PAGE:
Playwright Katori Hall introduces us to Martin Luther King in his room in the fateful Memphis motel as he instructs Ralph Abernathy to get him a pack of Pall Malls, then goes into the bathroom to urinate, thus signaling that THE MOUNTAINTOP will present a decidedly human side of the slain civil rights leader. But Katori digs deep into the spiritual side of King (vividly played by Jordan Mahome) by introducing a fictional character called Camae, young, attractive Black chambermaid of mysterious identity (a smart and sprite Shelley Fort) who delivers coffee to King’s room. For 80 minutes, King and Camae spar, cajole, seduce each other (almost), and share their experiences as African Americans, visionary leader and everyday working girl, that plumbs, ultimately, the universal human question – why did the Lord put us here on earth?
Katori’s imaginative scenario for the last hours of King’s life is combination psycho-historical fantasia, de-mythologizing the legend, and exercise in civic philosophy. It’s an ambitious work, along with Katori’s other plays like her darkly comedic satire WHATABLOODCLOT!!! and the moving OUR LADY OF KIBEHO, making her one of the most versatile playwrights on the scene today.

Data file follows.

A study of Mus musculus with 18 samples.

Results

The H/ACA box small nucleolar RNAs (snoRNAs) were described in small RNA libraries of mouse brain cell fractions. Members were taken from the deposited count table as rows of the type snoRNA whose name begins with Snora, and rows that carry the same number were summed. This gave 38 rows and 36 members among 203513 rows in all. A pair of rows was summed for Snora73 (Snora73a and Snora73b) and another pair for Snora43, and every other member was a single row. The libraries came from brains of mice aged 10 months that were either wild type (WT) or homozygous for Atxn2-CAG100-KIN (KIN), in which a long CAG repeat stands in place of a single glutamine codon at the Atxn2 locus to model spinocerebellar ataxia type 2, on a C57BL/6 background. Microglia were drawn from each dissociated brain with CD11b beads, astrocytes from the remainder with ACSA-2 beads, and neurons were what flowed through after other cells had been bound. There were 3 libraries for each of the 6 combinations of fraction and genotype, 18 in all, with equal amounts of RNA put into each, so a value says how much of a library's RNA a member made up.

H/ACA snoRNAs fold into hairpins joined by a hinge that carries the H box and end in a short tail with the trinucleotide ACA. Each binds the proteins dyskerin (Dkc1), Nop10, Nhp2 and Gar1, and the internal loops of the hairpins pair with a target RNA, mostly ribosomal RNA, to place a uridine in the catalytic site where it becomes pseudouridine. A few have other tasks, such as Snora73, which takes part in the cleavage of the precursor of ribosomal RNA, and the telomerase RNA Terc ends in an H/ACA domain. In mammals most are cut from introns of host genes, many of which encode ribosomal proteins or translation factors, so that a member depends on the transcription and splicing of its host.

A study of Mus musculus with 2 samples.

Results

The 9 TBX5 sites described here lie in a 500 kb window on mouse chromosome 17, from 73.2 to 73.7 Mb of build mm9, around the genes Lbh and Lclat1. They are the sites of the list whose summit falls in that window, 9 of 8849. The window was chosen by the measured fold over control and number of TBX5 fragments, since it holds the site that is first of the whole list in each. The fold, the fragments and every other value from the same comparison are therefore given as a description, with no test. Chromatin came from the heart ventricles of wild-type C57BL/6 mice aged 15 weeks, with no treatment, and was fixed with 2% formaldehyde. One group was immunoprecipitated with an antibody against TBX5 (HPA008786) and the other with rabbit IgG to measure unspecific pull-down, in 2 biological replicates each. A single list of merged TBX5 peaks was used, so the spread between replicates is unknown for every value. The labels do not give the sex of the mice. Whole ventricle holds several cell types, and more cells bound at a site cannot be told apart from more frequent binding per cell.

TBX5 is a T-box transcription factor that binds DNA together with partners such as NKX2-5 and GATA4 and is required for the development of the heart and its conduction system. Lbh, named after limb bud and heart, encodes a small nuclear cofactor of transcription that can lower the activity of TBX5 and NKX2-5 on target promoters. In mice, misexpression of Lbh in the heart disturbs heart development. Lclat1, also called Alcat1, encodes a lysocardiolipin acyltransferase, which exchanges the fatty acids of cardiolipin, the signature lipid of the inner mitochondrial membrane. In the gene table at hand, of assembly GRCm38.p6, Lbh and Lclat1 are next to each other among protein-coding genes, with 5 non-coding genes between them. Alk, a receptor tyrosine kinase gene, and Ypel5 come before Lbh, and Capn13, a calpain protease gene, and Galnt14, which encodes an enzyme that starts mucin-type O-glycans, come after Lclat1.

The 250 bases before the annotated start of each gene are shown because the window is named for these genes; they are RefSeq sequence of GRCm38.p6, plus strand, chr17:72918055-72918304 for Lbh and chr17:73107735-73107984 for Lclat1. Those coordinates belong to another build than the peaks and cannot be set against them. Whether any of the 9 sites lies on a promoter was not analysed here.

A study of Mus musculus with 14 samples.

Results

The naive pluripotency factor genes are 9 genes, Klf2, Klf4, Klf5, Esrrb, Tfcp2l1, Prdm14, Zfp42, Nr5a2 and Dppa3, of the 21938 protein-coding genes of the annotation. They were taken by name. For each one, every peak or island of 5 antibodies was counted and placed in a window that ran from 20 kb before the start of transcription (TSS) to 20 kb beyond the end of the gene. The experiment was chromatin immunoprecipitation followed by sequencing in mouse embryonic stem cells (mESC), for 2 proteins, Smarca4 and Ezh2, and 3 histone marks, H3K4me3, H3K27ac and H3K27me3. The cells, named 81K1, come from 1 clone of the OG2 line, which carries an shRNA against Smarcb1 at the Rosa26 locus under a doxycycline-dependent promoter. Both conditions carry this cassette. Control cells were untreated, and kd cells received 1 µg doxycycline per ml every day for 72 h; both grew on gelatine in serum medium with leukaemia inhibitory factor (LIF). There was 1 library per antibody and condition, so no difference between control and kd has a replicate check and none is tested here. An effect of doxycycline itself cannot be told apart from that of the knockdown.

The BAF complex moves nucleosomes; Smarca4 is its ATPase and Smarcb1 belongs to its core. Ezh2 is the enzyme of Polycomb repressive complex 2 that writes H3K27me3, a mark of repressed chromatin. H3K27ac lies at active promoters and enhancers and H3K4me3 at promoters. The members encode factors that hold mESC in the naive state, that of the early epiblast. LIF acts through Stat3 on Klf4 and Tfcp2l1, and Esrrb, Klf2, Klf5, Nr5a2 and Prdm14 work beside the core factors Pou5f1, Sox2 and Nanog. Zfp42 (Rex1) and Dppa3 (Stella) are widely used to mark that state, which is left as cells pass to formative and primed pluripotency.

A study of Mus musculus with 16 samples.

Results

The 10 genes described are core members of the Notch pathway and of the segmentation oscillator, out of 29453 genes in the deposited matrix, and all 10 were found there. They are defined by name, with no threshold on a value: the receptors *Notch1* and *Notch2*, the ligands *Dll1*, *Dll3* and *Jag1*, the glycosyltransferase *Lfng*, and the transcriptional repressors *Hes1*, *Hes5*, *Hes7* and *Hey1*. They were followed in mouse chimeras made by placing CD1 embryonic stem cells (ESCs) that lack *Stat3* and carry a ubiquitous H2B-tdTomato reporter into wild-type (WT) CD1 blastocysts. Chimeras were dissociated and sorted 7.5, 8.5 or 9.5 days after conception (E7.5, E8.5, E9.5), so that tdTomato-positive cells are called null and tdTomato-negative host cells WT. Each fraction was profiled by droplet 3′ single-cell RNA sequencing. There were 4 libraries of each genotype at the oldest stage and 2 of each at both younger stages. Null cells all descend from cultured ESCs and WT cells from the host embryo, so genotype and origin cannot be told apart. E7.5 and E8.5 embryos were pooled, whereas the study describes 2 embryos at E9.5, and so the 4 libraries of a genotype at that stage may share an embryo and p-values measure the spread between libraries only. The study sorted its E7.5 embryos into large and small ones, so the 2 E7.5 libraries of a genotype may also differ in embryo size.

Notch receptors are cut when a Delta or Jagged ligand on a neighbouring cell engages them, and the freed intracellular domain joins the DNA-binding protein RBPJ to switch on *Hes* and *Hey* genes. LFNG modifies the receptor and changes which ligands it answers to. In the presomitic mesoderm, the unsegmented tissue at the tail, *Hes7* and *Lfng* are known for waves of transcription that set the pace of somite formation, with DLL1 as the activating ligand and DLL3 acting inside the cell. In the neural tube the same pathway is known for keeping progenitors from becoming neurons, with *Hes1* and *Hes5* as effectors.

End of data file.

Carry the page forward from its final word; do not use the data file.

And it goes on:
Katori’s narrative here is strongest when she dramatizes King’s reactions to events swirling around him. We know from the FBI’s 1960s counterintelligence programs targeting King that he was hunted: what Katori weaves into her drama - and Mahome conveys palpably - is how King knew his hunter was closing in. Director Colette Roberts achieves a dreadful, tightening sense of inevitability on the stage, in a claustrophobic interpretation, designed by Travis George, of the room where King spent his final night on earth.
King’s final soliloquy, stirringly delivered by Mahome, is backdropped by a shifting montage of news images from 1968 until today. The visuals annotate Katori’s text for King but his words are clarion enough. When King says “the baton has been dropped… don’t give in until you reach the mountaintop… we can see the promised land,” it’s a profound reminder in these very days of summer in 2016 that we are still “so close yet so far away.”